Oversized book on overpopulation

Images of human impact on the world pack this book recently distributed to local leaders by the group Advocates for Sustainable Albemarle Population. Staff photo. Images of human impact on the world pack this book recently distributed to local leaders by the group Advocates for Sustainable Albemarle Population. Staff photo.

A group concerned with local growth is distributing a seven-pound, 300-page coffee table book on overpopulation. Advocates for Sustainable Albemarle Population (ASAP) presented copies of Overdevelopment, Overpopulation, Overshoot to the Board of Supervisors March 11, and made a similar back-breaking delivery to City Council. (C-VILLE received its own copy—one of the 70 ASAP gave out.)

“We thought it would be useful to local decision-makers to think globally,” said ASAP president Tom Olivier. The book has gorgeous photographs that show the effects of mankind trashing the planet. ASAP would like to “stabilize” the population in Charlottesville and Albemarle at around 165,000 by nixing higher density zoning and adding more conservation easements, said Olivier, to deter those who move here because it’s so darn desirable.

Olivier appreciates the irony of preaching environmental responsibility with a massive, tree-killing tome. “We were kind of surprised by the largeness of it,” he said.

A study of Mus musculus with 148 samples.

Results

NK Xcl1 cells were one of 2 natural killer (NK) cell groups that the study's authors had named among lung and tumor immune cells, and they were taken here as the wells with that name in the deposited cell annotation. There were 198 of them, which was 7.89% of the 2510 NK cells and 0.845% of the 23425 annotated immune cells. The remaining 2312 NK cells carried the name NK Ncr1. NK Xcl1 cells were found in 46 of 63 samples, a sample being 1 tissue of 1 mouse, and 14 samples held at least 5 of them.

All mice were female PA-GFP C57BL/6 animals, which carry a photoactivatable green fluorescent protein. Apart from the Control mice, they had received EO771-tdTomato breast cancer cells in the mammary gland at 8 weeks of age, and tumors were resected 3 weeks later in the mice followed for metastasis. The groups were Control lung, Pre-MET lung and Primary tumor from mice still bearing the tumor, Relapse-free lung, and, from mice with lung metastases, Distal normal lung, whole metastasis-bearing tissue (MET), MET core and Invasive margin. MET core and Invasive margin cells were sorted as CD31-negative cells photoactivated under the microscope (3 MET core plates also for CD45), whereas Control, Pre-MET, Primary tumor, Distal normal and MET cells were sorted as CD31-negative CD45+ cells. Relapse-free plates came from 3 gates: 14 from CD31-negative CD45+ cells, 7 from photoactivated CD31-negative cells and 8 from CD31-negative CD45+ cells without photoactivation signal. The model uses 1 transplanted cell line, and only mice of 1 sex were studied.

Tom Butler at the Deep Ecology Foundation, which produced Over, concurs. “It’s tremendously ironic. Absolutely.” He said environmental groups have a long history of using large-format photo books to illustrate oppressive environmental issues. “The rationale is, we hope the benefits to the earth will be doing more good than harm in the long run.”

Tim Hulbert, president of the Charlottes-ville Regional Chamber of Commerce, was not among the decision-makers who received a copy of the book, but he debated Olivier on the growth issue March 11. “ASAP’s thesis is the last one in the church, lock the door,” said Hulbert. There’s “an elitism” to ASAP’s desire to stall growth that would make the area even less affordable, he said.

Over is available for nondecision-makers on Amazon for $50.